Systems-within-Systems: A Unifying Paradigm

Wayne Davis, Industrial and Enterprise Systems Engineering, University of Illinois at Urbana-Champaign

This paper introduces a new paradigm for the design and operation of complex systems. Traditional approaches, including the system-of-systems perspective, attempt to reduce the overall into its fundamental components. Such approaches inherently seek to differentiate, and often isolate, the components. The proposed paradigm seeks a shared mission for all components to exploit recursive design practices. An underlying feature of the proposed recursive designs is containment, where identified components are characterized as a system within another system.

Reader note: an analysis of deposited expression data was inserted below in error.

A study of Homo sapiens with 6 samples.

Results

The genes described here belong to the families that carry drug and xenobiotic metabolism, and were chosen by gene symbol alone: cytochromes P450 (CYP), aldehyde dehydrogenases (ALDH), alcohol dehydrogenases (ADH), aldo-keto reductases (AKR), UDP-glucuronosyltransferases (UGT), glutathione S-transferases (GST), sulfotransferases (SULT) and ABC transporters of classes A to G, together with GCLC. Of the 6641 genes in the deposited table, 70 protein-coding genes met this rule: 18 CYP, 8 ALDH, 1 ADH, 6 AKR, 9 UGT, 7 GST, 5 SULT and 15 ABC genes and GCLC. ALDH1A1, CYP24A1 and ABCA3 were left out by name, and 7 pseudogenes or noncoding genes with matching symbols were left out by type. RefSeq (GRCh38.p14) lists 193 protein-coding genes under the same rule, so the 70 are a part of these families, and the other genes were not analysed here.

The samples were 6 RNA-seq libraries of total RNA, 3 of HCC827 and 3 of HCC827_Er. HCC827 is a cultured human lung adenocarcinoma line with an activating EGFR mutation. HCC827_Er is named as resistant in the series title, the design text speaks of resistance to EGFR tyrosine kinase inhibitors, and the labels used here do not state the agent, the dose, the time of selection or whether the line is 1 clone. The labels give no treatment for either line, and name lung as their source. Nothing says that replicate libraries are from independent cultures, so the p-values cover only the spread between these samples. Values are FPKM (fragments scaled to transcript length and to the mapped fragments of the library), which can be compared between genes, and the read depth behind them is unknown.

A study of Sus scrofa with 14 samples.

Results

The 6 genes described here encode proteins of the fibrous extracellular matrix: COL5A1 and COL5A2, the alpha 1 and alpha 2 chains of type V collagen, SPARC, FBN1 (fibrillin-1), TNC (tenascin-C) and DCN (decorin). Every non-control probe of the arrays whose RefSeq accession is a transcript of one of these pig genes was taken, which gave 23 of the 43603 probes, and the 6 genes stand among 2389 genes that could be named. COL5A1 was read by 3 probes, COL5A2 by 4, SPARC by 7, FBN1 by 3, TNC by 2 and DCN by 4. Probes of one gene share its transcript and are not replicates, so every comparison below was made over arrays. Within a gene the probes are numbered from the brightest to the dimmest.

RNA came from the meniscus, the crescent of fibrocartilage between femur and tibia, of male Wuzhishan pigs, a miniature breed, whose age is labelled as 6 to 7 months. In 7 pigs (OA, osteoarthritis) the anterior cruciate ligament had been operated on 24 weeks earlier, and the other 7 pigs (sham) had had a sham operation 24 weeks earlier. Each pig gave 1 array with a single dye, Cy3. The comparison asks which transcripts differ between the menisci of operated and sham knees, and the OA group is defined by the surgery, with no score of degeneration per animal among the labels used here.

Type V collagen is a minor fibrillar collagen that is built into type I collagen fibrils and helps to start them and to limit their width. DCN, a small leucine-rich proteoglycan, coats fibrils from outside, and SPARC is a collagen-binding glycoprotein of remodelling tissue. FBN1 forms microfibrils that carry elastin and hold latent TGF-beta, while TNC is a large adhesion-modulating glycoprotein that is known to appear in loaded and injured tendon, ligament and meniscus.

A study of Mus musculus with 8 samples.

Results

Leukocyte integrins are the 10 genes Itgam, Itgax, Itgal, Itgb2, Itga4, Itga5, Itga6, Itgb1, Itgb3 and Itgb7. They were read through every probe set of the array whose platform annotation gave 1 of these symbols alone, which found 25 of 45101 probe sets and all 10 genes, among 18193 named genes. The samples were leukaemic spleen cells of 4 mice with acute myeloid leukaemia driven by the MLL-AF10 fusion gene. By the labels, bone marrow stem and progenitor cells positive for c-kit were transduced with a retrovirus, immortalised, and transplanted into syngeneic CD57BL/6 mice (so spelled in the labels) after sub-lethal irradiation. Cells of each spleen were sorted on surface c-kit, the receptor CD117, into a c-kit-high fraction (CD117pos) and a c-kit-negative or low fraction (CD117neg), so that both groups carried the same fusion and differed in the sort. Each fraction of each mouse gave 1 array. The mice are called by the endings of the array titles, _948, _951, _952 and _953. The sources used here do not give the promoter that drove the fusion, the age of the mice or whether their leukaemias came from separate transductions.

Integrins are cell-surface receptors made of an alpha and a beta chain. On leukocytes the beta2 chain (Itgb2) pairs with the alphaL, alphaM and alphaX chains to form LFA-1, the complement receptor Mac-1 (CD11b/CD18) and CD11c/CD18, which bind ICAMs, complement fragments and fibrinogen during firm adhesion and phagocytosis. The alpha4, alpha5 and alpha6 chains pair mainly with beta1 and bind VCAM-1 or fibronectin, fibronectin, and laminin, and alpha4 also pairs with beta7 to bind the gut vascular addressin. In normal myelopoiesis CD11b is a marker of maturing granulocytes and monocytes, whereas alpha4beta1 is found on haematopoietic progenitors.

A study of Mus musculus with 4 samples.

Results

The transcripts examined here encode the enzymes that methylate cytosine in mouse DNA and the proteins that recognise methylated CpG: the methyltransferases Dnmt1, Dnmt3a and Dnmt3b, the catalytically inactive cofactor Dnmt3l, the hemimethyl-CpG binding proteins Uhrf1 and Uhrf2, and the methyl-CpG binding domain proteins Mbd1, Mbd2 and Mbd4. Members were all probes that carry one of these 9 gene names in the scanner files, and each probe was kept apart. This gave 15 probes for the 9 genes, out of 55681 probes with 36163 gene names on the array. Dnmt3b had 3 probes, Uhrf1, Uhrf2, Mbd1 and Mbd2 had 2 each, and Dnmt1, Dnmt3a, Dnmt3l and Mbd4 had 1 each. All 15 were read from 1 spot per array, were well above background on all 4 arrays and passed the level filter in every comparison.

While developing the proposed paradigm, the core system technologies— mechanics, controls and planning—were also unified. This unification was accompanied with an unanticipated unification of time—the past, present and future. In fact, a second temporal axis has been introduced to facilitate the on-line concurrent implementation of planning and control responsibilities. The paradigm discusses the inherent deficiencies of planning in general, and the specific limitations of applying optimization in real-world planning situations. It establishes an insurmountable need for another agent to implement an entity’s plan while refuting the subordinate stature that traditional hierarchical architectures would assign to an implementing agent. Rather, this interdependency establishes the need for expanded interaction among the planner and implementing agent, including the necessity of collaborative planning among the interacting systems.